You can thank Major League Baseball for the sewage mess in the Oakland Coliseum


 

Major League Baseball, of course, has spent over four years pretending to be studying the viability of the A’s remaining in the Oakland Coliseum vs. moving to San Jose. In reality it’s merely been stalling, afraid to confront the Giants over its territorial claim to San Jose and unwilling to say anything which might suggest that a team petitioning for a new ballpark someplace is somehow the wrong thing to do. In those four-plus years nothing has been done to improve the Coliseum or the A’s situation.

Which now I suspect will give us the archetypal MLB problem-solving dynamic: (a) ignore a situation until it becomes a public relations problem; and (b) then go 100 m.p.h., quite possibly in the wrong direction to quickly fix it. Which is to say that I expect Major League Baseball to announce later today that the A’s will become a full-time road team, will relocate to Pluto, will stop eating so much fiber, or something else silly at some point today.

Because that’s way easier than having done the hard work necessary over the past several years to make sure that a major league baseball team wasn’t playing in a literal cesspool.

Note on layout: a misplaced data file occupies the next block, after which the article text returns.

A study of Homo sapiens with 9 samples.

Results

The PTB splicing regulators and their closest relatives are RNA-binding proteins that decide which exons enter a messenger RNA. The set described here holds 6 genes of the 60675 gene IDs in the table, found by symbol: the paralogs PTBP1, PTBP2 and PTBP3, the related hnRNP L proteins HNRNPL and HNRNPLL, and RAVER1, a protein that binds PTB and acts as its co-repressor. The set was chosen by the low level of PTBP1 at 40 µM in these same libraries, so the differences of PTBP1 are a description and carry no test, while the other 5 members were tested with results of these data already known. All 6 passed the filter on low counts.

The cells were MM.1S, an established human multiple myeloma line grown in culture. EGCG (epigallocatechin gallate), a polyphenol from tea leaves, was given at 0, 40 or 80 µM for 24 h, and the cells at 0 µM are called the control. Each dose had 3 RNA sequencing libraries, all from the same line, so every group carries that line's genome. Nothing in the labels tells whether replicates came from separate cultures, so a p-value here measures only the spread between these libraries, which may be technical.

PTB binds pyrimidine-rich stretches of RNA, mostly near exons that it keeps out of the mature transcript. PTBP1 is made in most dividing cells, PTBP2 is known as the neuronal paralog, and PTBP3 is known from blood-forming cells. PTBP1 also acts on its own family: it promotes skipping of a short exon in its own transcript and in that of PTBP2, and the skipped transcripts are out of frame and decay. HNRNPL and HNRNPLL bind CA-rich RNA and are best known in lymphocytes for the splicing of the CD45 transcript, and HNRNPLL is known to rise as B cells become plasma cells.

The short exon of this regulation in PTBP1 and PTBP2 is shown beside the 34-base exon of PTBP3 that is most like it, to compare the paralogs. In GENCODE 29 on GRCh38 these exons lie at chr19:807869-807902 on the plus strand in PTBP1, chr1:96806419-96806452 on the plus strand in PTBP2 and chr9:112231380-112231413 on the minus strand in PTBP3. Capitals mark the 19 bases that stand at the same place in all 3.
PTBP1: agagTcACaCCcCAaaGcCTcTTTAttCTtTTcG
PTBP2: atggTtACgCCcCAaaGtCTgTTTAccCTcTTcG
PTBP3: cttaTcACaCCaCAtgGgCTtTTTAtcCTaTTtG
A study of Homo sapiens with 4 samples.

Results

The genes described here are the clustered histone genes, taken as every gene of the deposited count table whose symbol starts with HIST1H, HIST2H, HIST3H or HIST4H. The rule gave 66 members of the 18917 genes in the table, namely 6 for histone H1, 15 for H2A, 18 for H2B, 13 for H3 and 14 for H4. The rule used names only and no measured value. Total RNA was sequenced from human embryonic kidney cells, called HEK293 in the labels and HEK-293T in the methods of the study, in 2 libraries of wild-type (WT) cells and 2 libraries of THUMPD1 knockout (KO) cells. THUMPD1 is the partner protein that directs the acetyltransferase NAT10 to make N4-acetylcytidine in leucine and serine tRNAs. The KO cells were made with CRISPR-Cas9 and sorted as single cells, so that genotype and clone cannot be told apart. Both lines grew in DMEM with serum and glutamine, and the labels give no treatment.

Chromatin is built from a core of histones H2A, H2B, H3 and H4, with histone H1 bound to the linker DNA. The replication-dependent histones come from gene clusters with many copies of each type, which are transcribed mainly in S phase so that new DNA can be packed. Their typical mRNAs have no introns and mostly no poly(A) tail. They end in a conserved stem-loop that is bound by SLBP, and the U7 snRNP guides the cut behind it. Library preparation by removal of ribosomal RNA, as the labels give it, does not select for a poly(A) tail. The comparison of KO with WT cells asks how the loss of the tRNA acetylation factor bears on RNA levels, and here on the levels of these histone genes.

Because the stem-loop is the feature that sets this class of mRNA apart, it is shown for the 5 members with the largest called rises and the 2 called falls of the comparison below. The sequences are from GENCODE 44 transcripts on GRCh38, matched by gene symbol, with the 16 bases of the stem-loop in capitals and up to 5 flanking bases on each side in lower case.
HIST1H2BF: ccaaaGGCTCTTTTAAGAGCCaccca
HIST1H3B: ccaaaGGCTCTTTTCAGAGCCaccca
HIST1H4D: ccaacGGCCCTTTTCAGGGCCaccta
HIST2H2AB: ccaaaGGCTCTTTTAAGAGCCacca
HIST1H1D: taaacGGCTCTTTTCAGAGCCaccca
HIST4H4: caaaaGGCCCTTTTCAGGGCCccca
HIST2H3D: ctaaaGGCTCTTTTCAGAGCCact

Marcus Stroman dealing with blister again

Marcus Stroman

Stroman, 27, has struggled to return the kind of winning record and sub-4.00 ERA that characterized his previous seasons with the club, mostly due to the combined seven weeks he missed with blisters on his throwing hand and chronic fatigue in his right shoulder. In a recent start against the Rays, things got even more gruesome when his blister appeared to start bleeding in the middle of his outing and MLB.com’s Gregor Chisholm notes that the wound has constantly interfered with the right-hander’s pitch selection and delivery. When healthy, Stroman has managed a 4-8 record through 18 starts in 2018 with a career-worst 5.27 ERA, 3.2 BB/9 and 6.8 SO/9 in 100 2/3 innings. This will be the first year since 2015 in which he has not logged at least 200 innings in a single season.

While Stroman may not need an extended stay on the DL before he returns to the mound, it’s not clear what kind of timetable the Blue Jays expect for his recovery. He’s been the second-most valuable starter (behind the now-traded J.A. Happ) in a rotation that currently ranks 17th in the majors with a combined 4.90 ERA and 6.8 fWAR.